It has been a decidedly mixed to poor start for most asset classes in 2010. The primary driver for this underperformance has been the fiscal drama in Greece, which has disclosed a budget deficit of over 12% and a total government debt equal to 135 % of its GDP. The Greeks had been concealing the depth of their financial problems for years through derivative transactions and accounting tricks but as the true state of their affairs have come to light, investors have fled from their sovereign debt. This increases the cost of borrowing and raises the possibility of Greece defaulting as it will need to sell over $30 billion in bonds over the next couple of months to cover expenses and roll over debt that is coming due. The problems in Greece have spread to the rest of the European markets due to their exposure to Greek bonds and, more importantly, the threat of financial panic spreading to other fiscally unsound countries; Portugal, Italy, Ireland and Spain (which collectively with Greece have earned the endearing PIIGS acronym).
Financial markets have gyrated as rumors come and go of a possible bailout of Greece by its Eurozone partners. Truth be told, if Greece slid into the Aegean sea the only thing much of Europe would miss would be he nightlife on Mykonos island. It represents only 2.5% of Europe's GDP and is widely known to have lied about its finances from the time of its entry to the Euro. However, the potential contagion of a Greek default to its fellow PIIGS, especially Spain, would have serious impact on European growth and even threaten the continued viability of the Euro as an ongoing currency.
The normal course of action for a country in Greece's situation would be devalue its currency (either officially or through inflation) in order to make its economy more competitive. This is not a possibility because the Greek's do not control their own currency. Given this fact and the risks to the Eurozone if Greece defaults, it seems to us that the stronger European countries will find it in their best interest to bailout the Greeks. They appear to be struggling to do so in a way that inflicts enough pain on Greece to reduce the chances of other countries seeking a similar bailout while reassuring investors in the soundness of European sovereign debt and economic growth.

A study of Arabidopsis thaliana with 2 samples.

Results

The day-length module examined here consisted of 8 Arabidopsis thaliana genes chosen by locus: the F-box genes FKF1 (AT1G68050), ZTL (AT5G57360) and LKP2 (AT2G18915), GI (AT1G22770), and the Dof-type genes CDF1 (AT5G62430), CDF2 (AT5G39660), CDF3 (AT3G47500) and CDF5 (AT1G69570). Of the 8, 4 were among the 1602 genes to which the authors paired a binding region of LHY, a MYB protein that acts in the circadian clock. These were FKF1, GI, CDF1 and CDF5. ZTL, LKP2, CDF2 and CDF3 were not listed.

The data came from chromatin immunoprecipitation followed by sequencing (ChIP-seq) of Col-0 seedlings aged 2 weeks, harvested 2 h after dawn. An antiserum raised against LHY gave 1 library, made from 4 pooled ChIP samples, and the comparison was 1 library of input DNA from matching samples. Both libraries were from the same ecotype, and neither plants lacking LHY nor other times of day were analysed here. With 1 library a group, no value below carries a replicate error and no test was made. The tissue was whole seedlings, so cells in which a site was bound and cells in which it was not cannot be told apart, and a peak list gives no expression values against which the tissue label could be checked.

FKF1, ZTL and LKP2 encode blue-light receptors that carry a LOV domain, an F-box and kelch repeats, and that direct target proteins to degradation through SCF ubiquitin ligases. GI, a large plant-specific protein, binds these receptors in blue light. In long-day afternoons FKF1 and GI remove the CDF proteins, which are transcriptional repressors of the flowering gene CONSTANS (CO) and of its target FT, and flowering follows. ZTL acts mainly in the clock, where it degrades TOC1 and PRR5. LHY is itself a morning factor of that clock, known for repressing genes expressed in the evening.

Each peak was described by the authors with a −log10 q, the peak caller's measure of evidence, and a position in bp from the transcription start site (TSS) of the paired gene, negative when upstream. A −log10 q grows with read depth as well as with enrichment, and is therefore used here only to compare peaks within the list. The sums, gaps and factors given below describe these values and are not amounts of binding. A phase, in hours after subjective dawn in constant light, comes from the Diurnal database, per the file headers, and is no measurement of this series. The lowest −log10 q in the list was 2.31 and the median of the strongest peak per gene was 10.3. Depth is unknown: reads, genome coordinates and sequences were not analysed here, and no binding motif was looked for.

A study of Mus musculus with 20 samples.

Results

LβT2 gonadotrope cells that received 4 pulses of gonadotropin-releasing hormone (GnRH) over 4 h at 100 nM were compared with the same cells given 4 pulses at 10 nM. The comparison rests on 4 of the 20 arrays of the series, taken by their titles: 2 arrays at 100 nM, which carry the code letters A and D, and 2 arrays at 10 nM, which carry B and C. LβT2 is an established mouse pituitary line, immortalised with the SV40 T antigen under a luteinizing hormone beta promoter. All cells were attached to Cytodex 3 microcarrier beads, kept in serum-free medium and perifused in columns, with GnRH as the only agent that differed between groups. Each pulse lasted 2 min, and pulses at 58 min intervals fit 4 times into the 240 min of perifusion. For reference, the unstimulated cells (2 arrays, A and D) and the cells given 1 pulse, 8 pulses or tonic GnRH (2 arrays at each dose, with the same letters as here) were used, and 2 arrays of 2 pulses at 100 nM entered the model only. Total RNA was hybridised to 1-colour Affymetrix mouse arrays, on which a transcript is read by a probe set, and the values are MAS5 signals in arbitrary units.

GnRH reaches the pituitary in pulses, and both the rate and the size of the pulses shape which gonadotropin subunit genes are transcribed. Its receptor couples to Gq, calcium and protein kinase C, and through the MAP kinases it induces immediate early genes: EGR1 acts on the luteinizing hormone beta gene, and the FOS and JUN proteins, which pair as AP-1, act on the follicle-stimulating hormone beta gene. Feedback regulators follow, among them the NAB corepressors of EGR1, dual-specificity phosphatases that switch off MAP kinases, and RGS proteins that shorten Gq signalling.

The crisis in Greece also has demonstrated that investors are still wary of systematic global risk. The downturn in European markets has been matched in emerging markets, even in countries with very sound financial positions. Other assets seen as more risky, such as REIT's and commodities, have also had negative or negligible returns. U.S. Treasuries, seen as the safe haven investment, have been the best performing asset class as investors become more risk averse. U.S. economic data has been moderately positive, though not as strong as could be expected coming out of a deep recession, but even U.S. equities have been more reactive to the news emanating from Greece than internal fundamentals. We expect that some kind of deal on Greece would cause a reversal of the risk aversion that has been in affect for most of 2010 while a deterioration of the situation could lead to a new phase in the financial crisis, this time with the focus on Europe.
No matter what the resolution, the Greek economy is in for a protracted period of pain and suffering. It is a lesson in how quickly over-indebtedness can cause a crisis in a nation and we wonder if U.S. policymakers have factored this into their fiscal plans. With that said we will leave you with this chart that compares the budget and fiscal deficits of the PIIGS nations alongside that of the United States.